Combining elements of hip hop, funk, R&B, rock, jazz and spoken word, “Open Rhythm System” is a unique album that pushes the boundaries of creativity and what a hip hop influenced album can sound like. The Beat Kids consist of vocalist Latasha Diggs, Keith Witty on acoustic bass, Yusuke Yamamoto on the flute and Guillermo Brown on drums, electric bass and piano. These four talented individuals are all accomplished musicians with a love for music, which is never more evident than throughout “Open Rhythm System”.
With The Beat Kids debut release, don’t expect your average, run of the mill instrumental album. “Open Rhythm System” will provide a wide range of sounds but not the type that will quench your thirst for pure Hip Hop production. The album is more influenced on other factors than Hip Hop, which provides a nice change of pace from the usual instrumental albums released. “Bang!” is a beautiful track with a funky drum beat that comes in at all angles, slowly changing once you get settled with one particular sound. The mood swings back and forth, making it one of the more unique, yet satisfying efforts on the album. “Sick Day” is one of the few R&B influenced tracks, which ends up as the albums best cut. Latasha Diggs steals the show with her melodic, spoken word influenced singing. “Juggle” is a more up tempo track, complete with a funk filled, head nodding beat. While “Fraction” is the completely opposite, with a jazz influenced sound that moves at a snail’s pace. The songs mellow, low-key vibe is smooth and relaxing and is definitely a song to lounge to.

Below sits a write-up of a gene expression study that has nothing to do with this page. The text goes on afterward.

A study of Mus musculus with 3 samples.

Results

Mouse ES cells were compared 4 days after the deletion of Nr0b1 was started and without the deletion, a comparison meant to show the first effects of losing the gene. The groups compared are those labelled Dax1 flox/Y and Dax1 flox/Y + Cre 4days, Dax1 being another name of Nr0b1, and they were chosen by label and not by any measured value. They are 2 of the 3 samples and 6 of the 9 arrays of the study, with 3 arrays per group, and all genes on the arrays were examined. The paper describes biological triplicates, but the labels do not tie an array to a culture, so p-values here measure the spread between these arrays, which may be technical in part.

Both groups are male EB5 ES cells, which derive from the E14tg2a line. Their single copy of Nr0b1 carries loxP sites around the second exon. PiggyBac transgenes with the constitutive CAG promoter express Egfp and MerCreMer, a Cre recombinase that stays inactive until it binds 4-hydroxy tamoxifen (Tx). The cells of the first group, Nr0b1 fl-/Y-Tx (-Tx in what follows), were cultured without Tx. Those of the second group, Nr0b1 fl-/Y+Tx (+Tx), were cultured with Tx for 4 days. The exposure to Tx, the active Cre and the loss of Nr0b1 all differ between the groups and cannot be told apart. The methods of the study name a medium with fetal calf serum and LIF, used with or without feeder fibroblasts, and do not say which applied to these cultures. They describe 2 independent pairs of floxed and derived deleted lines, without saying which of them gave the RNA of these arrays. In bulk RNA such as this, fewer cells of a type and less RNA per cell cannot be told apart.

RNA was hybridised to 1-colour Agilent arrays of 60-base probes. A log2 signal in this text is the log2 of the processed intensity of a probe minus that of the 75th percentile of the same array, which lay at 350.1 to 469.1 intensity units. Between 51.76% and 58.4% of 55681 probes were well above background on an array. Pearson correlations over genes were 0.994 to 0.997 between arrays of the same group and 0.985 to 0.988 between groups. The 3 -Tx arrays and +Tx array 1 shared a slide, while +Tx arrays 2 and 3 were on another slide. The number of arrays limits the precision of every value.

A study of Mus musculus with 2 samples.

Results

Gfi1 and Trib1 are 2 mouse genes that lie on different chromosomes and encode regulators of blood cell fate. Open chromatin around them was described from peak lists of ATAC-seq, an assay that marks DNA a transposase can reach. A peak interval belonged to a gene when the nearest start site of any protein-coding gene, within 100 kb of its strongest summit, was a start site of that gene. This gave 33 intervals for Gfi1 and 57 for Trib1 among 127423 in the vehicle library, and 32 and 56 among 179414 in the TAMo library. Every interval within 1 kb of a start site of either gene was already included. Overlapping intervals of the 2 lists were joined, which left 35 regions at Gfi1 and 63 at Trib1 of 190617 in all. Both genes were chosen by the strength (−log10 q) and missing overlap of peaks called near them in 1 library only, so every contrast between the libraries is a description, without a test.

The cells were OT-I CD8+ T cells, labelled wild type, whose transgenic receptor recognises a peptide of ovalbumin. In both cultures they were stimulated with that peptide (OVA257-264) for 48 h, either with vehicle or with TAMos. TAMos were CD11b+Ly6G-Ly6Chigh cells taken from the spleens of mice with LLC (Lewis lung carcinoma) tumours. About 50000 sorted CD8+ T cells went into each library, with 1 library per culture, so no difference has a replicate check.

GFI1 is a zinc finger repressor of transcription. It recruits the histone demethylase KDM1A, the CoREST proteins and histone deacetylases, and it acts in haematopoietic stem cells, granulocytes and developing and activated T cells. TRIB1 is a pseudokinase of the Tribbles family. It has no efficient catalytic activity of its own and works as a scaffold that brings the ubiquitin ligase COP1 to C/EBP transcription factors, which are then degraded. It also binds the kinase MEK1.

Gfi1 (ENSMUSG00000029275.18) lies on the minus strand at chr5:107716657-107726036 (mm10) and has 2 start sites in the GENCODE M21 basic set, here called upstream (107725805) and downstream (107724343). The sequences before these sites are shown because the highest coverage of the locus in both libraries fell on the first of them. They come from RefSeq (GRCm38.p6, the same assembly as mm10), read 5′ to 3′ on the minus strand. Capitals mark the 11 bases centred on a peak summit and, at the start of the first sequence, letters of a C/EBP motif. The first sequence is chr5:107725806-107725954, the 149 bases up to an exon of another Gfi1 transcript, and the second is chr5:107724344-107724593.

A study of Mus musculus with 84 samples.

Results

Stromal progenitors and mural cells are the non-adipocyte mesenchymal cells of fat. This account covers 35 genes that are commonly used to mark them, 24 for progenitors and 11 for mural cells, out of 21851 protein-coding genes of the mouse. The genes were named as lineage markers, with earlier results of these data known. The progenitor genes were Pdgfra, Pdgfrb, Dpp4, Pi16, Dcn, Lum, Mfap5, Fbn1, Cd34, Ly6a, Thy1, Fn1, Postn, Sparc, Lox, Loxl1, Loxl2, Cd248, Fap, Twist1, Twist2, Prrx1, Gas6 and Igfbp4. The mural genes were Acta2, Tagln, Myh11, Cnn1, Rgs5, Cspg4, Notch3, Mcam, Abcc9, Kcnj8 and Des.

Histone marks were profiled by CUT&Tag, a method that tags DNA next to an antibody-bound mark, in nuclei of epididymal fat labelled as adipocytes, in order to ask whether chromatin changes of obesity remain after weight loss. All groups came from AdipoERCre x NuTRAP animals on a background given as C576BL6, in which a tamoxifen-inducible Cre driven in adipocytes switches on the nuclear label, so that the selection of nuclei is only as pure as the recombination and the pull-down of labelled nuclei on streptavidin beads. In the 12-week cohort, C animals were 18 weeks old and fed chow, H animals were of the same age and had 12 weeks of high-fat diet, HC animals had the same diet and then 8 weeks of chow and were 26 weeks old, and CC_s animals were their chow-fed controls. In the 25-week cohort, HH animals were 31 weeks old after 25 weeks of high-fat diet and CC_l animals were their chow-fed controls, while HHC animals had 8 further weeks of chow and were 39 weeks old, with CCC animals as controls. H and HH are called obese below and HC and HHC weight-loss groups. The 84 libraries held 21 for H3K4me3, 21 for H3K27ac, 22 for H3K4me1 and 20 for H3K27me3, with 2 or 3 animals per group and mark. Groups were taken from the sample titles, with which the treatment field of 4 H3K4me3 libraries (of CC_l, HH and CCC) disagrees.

While “Open Rhythm System” constantly offers creative and original songs, many of the album’s tracks tend to loose your attention rather quickly. “Hothot”, “Want”, “Donut Shop”, “Space Cats” and “Brazilian Phrase Book” are all innovative songs that showcase the artistic style of The Beat Kids, but they fail to offer anything entertaining or captivating. Tracks like those mentioned above are ones that fans will quickly get tired of as they tend to drag on too long without a distinct vibe that listeners can gravitate towards. Other hit or miss attempts can be seen from “Life Is A Jungle” and - “Danger Zone”, which is an extremely hectic beat that travels all over the place, leaving the listener more or less dazed and confused. “Channel 9 Reprise” is another similar attempt, with a funky, awkward beat that most listeners will not understand.
“Open Rhythm System” is an album that personifies creativity and showcases the groups craftsmanship perfectly. However, the production fails to stay fresh and tends to loose your attention after a couple of listens. Unlike RJD2 or Science Fiction, The Beat Kids have not managed to perfect the art of making skillful yet catchy and captivating beats. There is no questioning the groups musical talent, but in today’s fickle Hip Hop industry, The Beat Kids are a group that will certainly go over most listeners heads.